Editorials

Wicker, Palazzo perfectly happy with Trump picks

Rep. Mike Pompeo, R-Kansas, is President-elect Donald Trump’s choice for CIA director.
Rep. Mike Pompeo, R-Kansas, is President-elect Donald Trump’s choice for CIA director. AP

Some folks have a problem with President-elect Donald Trump’s picks for his administration, but two of Mississippi’s six-man congressional delegation don’t.

Trump’s choice of Sen. Jeff Sessions, R-Ala., as U.S. Attorney General, was quickly panned by Democrats and civil rights activists.

Not Sen. Roger Wicker, R-Miss.

“Sen. Sessions will be a champion for the Constitution and the rule of law,” Wicker wrote in an email. “He will also provide sound counsel to President-elect Trump during the selection of Supreme Court nominees and other judicial appointments. For the past eight years, the Justice Department has eroded our nation’s immigration laws, attacked our Second Amendment rights, and weakened religious liberty. It has been more concerned with pushing politics than administering the law. If confirmed, I am confident that Sen. Sessions can reverse that tide and help restore people’s faith in their government.”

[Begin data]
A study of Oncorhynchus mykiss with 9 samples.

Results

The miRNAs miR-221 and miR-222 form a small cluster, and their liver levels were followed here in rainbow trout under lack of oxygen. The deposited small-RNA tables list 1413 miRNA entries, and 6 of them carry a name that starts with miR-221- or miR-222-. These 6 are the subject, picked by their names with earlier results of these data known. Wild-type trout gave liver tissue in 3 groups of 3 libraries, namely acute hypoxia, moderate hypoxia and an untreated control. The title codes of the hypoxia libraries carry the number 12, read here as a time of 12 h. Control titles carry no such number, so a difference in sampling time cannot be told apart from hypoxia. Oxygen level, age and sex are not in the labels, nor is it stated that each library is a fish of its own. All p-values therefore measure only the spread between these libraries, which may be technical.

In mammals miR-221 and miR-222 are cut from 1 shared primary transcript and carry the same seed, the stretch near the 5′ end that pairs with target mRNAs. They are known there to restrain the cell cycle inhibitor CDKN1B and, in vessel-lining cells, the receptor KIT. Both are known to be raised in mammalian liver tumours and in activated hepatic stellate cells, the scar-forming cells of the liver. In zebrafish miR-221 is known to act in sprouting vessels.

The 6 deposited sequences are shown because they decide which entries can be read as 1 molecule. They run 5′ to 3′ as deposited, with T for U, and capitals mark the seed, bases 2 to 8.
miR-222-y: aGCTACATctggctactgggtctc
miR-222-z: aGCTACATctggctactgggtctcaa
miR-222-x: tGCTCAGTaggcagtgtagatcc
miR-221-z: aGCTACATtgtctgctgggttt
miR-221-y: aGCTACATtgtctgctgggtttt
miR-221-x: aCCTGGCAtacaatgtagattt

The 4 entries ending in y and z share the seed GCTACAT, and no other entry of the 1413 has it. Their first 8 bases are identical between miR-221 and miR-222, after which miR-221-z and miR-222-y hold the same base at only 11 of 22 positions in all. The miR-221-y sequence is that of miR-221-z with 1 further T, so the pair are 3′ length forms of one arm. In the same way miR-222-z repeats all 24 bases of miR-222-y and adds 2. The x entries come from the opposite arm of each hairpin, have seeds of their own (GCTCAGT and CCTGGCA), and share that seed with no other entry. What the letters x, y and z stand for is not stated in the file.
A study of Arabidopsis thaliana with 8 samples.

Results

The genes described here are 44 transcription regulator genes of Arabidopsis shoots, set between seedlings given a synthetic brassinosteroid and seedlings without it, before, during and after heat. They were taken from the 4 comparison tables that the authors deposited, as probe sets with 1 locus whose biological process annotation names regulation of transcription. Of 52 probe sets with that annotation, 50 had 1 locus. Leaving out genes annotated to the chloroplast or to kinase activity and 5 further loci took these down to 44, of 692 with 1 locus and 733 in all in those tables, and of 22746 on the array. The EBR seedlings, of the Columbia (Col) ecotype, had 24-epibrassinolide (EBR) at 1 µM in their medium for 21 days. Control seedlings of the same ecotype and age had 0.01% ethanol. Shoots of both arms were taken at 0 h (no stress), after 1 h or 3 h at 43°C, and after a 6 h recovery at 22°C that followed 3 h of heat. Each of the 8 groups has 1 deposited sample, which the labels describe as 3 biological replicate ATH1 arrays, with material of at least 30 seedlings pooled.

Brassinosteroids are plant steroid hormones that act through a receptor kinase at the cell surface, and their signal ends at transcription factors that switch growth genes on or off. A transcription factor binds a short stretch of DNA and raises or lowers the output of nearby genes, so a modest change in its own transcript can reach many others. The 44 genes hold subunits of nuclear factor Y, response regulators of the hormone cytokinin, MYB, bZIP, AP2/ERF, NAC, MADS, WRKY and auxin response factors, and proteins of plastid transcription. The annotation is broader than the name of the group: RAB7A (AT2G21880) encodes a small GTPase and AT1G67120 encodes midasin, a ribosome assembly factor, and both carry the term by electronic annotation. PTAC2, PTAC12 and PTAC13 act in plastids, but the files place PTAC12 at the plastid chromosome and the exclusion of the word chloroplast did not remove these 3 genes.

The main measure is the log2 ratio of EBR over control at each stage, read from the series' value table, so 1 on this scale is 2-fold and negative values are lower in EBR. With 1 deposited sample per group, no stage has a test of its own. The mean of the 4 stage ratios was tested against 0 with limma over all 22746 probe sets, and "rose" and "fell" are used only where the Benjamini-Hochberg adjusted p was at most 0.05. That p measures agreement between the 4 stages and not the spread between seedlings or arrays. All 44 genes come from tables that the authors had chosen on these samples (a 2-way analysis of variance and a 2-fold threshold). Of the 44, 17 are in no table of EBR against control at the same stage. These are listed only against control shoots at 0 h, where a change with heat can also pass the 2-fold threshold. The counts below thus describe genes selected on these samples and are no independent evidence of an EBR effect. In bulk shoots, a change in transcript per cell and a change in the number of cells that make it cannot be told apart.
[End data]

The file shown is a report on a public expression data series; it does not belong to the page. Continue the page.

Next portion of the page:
Rep. Steven Palazzo, R-4, praised Trump’s pick for CIA director, Kansas Congressman Mike Pompeo.

“I am very proud of my colleague and friend, Mike Pompeo, for his nomination as CIA Director,” he wrote in an email. “Our national security must be prepared for the challenges currently facing our country, and I am confident that Representative Pompeo will help keep our nation safe.

“A few years ago, Mike and I had a friendly rivalry over who had the best Air Force base in the country. Since the Air Force chose Keesler Air Force Base number one, I suppose being named CIA Director is a well-deserved consolation prize. I know Congressman Pompeo will serve our nation well.”

Pompeo graduated first in his class from the United States Military Academy at West Point in 1986 and has represented the fourth district of Kansas since 2011.

Like Palazzo, Pompeo was elected in the 2010 Tea Party wave.

On Twitter, the NAACP called Sessions’ nomination “deeply troubling” and said it “supports an old, ugly history where Civil Rights were not regarded as core American values.”